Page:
Which is the better indicator of an investment's performance?
Which is the real indicator on how an investment is doing, cost basis or investment basis? Also, how does the percentage gain or loss compare to the rate of return?
The best indicator of an investment's performance is the total return of the investment, which is growth plus income.
Grading an investment's current value compared to its cost basis will only give you the holding period rate of return if the investment paid no dividends, interest, or capital gains distributions. As an example, when you review a performance chart of a mutual fund or ETF for a specified period of time, the chart should show underperformance if the fund made distributions of any kind.
To calculate your holding period rate of return you need to take the current value of the investment, subtract the cost basis, add any cash flows that do not represent return of capital (dividends, interest, capital gains), and then divide this total by your cost basis. Determining an annualized rate of return is vastly more complicated. Fortunately, most advisors have access to robust software that does this automatically for their clients.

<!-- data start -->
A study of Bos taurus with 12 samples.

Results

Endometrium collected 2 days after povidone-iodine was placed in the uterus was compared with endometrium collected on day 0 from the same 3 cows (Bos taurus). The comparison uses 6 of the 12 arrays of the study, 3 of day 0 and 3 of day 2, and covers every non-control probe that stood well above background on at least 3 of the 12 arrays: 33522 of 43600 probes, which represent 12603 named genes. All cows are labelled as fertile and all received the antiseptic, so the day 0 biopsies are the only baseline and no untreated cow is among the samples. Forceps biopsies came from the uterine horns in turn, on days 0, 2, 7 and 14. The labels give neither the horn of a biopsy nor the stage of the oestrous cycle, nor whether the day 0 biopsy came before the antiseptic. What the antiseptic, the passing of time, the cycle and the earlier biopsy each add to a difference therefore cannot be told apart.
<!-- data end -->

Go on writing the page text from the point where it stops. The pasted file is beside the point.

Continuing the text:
Of course, the above is just general information. Feel free to shoot me a message if you'd like more detailed input.
Adam C. Harding, CFP
Total return is the best indicator of an investments return, assuming no inflows or outflows during the period of time you are looking at. Total return takes into account capital appreciation and income from the investment. Calculating the return for a whole portfolio can be trickier, but it is generally accepted that Time Weighted Rate of Return (TWRR) is the best indicator of your portfolio’s performance. TWRR takes into account cash coming in and out of the portfolio, as well as, multiple purchase or sales of investments over a given time period.
Compared to what? I like to use the MAR RATIO which is the investments CAGR (Compound annual growth rate) divided by it's Maximum Drawdown. This way, you can compare how much money your investment would have lost to make you that rate of return.
Before you make any investment, you should ask your advisor to run those figures for you. If they can't, then you need a new advisor and a new investment!